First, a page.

Disclaimer: this post contains mild techno-babble.
One morning last week, I read Anticipating What We Don't Want - another great post from amazing Kate on the Son-Rise Program blog. From there, I considered my own buttons and where Kate's bonbon of wisdom applied in my life. When and where in the day-to-day do I tend to anticipate that something that I don't want to happen will inevitably happen?
A good example of how I do this comes from my work. It's called ConnectWise (CW). CW is an "IT automation system" into which those of us that want to get paid are required to enter each task we execute and the time it took to do it. I usually complete 5-8 things a day. So, each week, that's 30-some entries. Not so much to do. But when I see that little CW icon on my screen, my heart beats faster and my stomach muscles contract. I decide to avoid it and work on something else. "I'll catch up later, after I've finished a few things.", I tell myself. What I'm doing, obviously, is procrastinating.
The reason I want to enter my time, you know, some other time is that I developed a distaste for timesheets because I got so busy for around a month that I didn't have time to enter my time, until the end of the month. I am a Son-Rise Program dad, and I don't like to lose my playroom time with Eidan to my work. Anyway, at the end of the month, that's more like 120 time entries to fill in through a process to which I haven't yet found the "funnerer" side. Click. Page load. Click. Page refresh. Click. Enter number of hours. Tab...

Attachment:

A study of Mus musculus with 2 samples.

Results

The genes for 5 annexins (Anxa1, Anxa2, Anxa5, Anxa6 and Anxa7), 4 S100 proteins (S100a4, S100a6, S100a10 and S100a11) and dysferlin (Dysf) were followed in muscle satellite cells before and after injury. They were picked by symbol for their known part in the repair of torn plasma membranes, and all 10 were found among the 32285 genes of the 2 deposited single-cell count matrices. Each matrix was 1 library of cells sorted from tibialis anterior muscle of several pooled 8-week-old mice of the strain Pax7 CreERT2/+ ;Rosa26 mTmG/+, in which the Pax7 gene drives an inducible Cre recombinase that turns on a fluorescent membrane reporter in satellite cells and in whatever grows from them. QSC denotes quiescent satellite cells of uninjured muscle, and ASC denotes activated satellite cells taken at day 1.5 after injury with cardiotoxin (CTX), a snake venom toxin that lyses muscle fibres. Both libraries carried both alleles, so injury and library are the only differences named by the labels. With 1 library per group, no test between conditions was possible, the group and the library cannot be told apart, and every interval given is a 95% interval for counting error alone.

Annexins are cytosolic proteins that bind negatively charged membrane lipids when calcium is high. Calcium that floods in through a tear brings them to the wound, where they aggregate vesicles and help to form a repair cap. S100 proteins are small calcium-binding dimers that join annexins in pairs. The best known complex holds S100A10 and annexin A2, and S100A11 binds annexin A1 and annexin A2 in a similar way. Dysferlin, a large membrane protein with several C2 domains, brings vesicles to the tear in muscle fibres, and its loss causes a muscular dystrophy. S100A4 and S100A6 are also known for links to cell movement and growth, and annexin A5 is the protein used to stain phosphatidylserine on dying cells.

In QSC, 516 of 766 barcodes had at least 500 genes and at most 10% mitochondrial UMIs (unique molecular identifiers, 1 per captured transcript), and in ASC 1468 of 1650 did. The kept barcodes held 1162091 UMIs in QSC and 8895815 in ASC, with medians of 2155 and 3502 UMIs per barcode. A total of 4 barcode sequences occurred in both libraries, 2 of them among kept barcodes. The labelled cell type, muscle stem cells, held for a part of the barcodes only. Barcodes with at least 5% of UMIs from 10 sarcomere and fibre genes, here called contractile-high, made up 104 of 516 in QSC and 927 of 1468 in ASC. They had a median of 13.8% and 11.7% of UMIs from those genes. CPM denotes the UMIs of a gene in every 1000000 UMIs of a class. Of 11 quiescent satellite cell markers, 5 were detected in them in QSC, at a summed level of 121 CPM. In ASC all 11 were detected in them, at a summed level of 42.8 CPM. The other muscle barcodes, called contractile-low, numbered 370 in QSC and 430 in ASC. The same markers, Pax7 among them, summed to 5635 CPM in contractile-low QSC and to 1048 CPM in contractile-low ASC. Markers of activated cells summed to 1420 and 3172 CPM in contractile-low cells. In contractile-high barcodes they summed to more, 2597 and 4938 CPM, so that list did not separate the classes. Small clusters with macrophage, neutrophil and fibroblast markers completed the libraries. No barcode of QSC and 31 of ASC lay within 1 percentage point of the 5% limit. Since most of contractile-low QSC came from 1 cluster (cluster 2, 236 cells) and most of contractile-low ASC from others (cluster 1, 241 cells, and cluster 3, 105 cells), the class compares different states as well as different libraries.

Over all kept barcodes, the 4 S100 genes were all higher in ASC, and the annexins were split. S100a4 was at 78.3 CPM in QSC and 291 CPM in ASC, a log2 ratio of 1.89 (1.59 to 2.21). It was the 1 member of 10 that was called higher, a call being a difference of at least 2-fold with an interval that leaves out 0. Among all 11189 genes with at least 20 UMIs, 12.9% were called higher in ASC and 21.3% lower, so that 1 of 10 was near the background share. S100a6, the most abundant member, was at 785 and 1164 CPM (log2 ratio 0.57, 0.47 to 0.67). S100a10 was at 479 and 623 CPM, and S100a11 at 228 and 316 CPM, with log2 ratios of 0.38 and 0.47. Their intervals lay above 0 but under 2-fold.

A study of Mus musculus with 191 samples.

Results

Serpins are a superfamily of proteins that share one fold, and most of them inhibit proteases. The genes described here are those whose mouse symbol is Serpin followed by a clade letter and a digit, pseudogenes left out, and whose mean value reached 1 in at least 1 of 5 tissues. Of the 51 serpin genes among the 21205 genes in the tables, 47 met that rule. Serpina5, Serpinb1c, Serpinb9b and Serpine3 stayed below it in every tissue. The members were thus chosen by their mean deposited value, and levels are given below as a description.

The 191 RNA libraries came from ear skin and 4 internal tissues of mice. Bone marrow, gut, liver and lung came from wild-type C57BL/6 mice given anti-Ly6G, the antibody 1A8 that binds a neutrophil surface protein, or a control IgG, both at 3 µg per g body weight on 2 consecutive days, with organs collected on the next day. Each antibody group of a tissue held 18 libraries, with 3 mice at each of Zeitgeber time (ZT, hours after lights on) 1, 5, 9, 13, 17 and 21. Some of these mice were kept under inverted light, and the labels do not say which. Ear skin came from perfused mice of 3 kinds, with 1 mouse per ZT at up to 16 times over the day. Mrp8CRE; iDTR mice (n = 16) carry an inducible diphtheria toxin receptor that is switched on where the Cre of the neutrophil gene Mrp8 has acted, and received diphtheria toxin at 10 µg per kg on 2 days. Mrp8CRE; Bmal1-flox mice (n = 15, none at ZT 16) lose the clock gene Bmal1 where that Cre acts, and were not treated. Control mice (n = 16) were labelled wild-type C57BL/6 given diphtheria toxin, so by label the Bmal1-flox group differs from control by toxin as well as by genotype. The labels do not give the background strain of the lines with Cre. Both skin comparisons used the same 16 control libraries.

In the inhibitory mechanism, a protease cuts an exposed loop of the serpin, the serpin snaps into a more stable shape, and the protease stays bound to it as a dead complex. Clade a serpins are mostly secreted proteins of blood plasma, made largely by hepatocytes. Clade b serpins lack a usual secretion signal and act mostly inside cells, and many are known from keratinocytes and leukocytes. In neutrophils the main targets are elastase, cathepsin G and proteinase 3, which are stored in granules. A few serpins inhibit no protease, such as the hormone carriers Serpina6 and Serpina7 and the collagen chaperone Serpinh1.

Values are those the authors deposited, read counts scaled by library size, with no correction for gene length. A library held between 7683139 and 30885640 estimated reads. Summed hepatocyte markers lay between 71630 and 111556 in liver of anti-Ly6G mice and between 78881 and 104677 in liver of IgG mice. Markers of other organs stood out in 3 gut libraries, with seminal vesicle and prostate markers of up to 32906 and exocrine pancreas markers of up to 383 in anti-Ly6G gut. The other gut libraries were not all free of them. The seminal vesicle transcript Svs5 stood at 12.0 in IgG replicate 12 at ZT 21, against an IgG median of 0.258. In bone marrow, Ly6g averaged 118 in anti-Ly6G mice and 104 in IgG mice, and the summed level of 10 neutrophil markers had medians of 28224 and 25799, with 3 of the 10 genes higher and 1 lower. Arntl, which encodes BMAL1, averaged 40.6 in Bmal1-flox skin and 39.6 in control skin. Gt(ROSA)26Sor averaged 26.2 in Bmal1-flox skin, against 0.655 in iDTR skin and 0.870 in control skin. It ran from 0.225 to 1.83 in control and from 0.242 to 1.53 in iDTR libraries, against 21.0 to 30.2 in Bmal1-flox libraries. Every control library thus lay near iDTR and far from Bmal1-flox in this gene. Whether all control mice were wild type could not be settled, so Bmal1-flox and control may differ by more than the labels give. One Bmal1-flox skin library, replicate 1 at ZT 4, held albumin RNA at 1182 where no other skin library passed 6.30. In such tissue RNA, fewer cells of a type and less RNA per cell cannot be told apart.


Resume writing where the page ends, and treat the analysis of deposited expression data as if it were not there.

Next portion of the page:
OK, but what if I just enter my time as I go? Open time entry. Do work. Enter time. Close time entry. Next. That's doable, right? Sure! But inside, I'm thinking that the simple act of opening CW is, without a doubt, leading me into a laborious process. And then, magically, I get a feeling akin to "oooooh. a mocha would be nice", except it's "ooooooh. i can just skip this one. or two." and bam! I've created the exact thing I wanted to avoid - 120 entries to fill in.
Rather than "procrastination", I'm going to call this "Creating What I Don't Want For Myself". And doesn't CWIDWFM (say "quidwiffum") come in other flavors? I love looking at it as CWIDWFM because of the beautiful nugget of ownership in its gooey core. It reveals that I'm staging a fun little drama for myself - a play for one for one to play.
For the beautiful reason that it's a loving thing to do for myself, as I sit down to my desk tomorrow morning and see that CWIDWFM icon, I'm going to run my mouse towards it and celebrate my every Click.